Posted by samzenpus
from the paying-the-price dept.
itwbennett writes "Broadcom Chairman and CTO Henry Samueli has some bad news for you: Moore's Law isn't making chips cheaper anymore because it now requires complicated manufacturing techniques that are so expensive they cancel out the cost savings. Instead of getting more speed, less power consumption and lower cost with each generation, chip makers now have to choose two out of three, Samueli said. He pointed to new techniques such as High-K Metal Gate and FinFET, which have been used in recent years to achieve new so-called process nodes. The most advanced process node on the market, defined by the size of the features on a chip, is due to reach 14 nanometers next year. At levels like that, chip makers need more than traditional manufacturing techniques to achieve the high density, Samueli said. The more dense chips get, the more expensive it will be to make them, he said."


    by Anonymous Coward on Thursday December 05, 2013 @11:10PM (#45615527)

    The smell of bovine feces is palpable.

  • Process Node (Score:3, Informative)

    by spectral7 (2030164) on Thursday December 05, 2013 @11:24PM (#45615587)

    The most advanced process node on the market, defined by the size of the features on a chip, is due to reach 14 nanometers next year.

    Actually, the "process node" hasn't meant anything for years now [].

  • by CaptBubba (696284) on Thursday December 05, 2013 @11:29PM (#45615627)

    350 may bring costs down, but it isn't a process node advancement and won't help cram more transistors per unit area into a chip.

    Instead it will just let them process more chips at once in most time-consuming processing steps such as deposition and oxide growth. The photolithographic systems, which are the most expensive equipment in the entire fab on a cost-per-wafer-processed-per-hour basis, gain somewhat due to less wafer exchanging, but the imaging is still done a few square cm at a time repeated in a step-and-scan manner a hundred times or more per wafer per step. Larger wafers however are posing one hell of a problem for maintaining film and etch uniformity, extremely important when you have transistor gate oxides on the order of a few atoms thick.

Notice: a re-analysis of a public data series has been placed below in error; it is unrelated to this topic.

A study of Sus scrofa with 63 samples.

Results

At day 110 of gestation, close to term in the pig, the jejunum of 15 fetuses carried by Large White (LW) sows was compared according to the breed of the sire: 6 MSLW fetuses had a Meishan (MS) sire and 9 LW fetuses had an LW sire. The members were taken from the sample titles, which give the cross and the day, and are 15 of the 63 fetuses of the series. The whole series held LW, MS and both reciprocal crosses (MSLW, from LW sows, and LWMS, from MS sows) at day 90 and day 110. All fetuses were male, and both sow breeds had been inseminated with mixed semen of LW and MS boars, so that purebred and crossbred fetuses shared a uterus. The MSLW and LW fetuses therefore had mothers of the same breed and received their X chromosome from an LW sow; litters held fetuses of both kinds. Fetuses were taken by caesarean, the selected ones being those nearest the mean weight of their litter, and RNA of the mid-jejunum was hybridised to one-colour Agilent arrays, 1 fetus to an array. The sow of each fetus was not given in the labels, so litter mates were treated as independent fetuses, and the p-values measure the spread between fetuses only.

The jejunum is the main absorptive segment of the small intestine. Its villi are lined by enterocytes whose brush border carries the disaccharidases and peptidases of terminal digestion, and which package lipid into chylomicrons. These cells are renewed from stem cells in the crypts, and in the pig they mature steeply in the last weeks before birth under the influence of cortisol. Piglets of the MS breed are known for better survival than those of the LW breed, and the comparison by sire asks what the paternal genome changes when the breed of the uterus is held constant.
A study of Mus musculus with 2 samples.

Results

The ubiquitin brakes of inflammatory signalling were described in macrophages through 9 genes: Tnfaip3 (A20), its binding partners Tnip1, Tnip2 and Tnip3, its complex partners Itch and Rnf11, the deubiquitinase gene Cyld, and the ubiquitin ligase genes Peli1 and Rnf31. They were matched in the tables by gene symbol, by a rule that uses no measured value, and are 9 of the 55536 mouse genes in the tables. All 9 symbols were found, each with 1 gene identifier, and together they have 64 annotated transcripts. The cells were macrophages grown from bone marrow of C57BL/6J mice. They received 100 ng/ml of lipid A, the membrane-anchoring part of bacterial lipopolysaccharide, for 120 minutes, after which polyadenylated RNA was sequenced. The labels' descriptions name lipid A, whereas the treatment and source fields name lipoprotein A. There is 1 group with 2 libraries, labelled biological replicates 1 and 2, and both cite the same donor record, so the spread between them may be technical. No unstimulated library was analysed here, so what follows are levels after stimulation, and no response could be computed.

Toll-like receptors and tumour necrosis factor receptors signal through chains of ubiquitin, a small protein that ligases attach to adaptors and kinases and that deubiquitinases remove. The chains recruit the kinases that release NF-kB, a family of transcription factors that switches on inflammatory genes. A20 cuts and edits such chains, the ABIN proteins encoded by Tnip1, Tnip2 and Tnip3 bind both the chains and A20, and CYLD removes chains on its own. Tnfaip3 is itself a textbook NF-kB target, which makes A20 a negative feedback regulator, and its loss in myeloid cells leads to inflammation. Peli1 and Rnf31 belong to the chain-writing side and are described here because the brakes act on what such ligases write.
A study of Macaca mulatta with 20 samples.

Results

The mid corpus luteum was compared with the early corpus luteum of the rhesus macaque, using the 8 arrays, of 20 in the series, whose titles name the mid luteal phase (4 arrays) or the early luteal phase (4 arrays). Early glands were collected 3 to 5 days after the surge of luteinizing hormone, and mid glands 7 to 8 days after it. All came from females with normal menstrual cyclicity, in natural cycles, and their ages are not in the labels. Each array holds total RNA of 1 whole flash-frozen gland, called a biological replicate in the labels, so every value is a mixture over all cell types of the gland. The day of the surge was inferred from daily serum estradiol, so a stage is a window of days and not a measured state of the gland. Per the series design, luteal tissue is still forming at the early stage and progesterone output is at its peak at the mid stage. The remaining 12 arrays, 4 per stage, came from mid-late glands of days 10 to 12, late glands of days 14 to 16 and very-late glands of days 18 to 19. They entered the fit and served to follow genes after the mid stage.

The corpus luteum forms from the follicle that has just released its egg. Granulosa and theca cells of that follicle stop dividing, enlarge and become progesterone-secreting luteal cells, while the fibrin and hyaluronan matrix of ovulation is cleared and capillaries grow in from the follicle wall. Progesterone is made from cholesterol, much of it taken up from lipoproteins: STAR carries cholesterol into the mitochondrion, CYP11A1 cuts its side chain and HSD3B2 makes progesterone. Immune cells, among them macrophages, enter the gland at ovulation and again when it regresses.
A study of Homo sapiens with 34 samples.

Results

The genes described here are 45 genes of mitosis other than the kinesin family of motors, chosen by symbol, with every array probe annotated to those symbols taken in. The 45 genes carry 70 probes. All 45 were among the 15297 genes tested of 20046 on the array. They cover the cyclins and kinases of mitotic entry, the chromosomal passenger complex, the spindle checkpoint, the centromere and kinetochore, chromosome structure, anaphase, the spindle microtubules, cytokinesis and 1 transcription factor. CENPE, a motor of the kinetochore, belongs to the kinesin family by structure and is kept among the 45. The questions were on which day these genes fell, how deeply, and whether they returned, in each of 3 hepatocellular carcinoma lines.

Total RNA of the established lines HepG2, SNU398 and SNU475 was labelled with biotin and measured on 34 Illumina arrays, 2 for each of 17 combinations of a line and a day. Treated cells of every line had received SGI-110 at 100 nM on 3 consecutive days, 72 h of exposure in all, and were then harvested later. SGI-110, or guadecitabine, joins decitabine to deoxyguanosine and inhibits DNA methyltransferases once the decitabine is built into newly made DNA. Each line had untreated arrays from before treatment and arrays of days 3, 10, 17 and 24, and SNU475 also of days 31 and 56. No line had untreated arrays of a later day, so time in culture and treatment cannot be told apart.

• by SuricouRaven (1897204) on Friday December 06, 2013 @03:53AM (#45616735)

    The advancements in hardware were used to allow a saving in software development costs.

  • by Theovon (109752) on Friday December 06, 2013 @09:08AM (#45617719)

    It’s not about “green idiots.” It’s about the fact that chips will melt (burn? fry?) if you don’t keep them cool, and you can only dissipate so much heat from air cooling. Water cooling is used in HPC systems, but that too only goes so far. What’s next? Everyone needs a supply of liquid nitrogen to run their desktop PCs?

    The “power wall” is a real, practical problem, which we reached somewhere around 2001, where power dissipation hit ~150 Watts in high-end systems. And the challenges go beyond cooling. Did you know that half the pins (around 1000) on a modern CPU are used just for power and ground? Do the math on trying to get 150 Watts at 1 Volt through a single pair if wires.

    Oh, and what about mobile computers? Current battery technology can only old so much charge. Do you want your cell phone to get only an hour of useful life before recharging?

  • by jbolden (176878) on Friday December 06, 2013 @10:30AM (#45618259) Homepage

    They have. Functional programming. By explicitly avoiding side effects huge chunks of code can execute independently and in different orders. Moreover by organizing the code using functional looping constructors the parallel compilers can tell how to break things.

    Functional makes parallelism much easier.

If bankers can count, how come they have eight windows and only four tellers?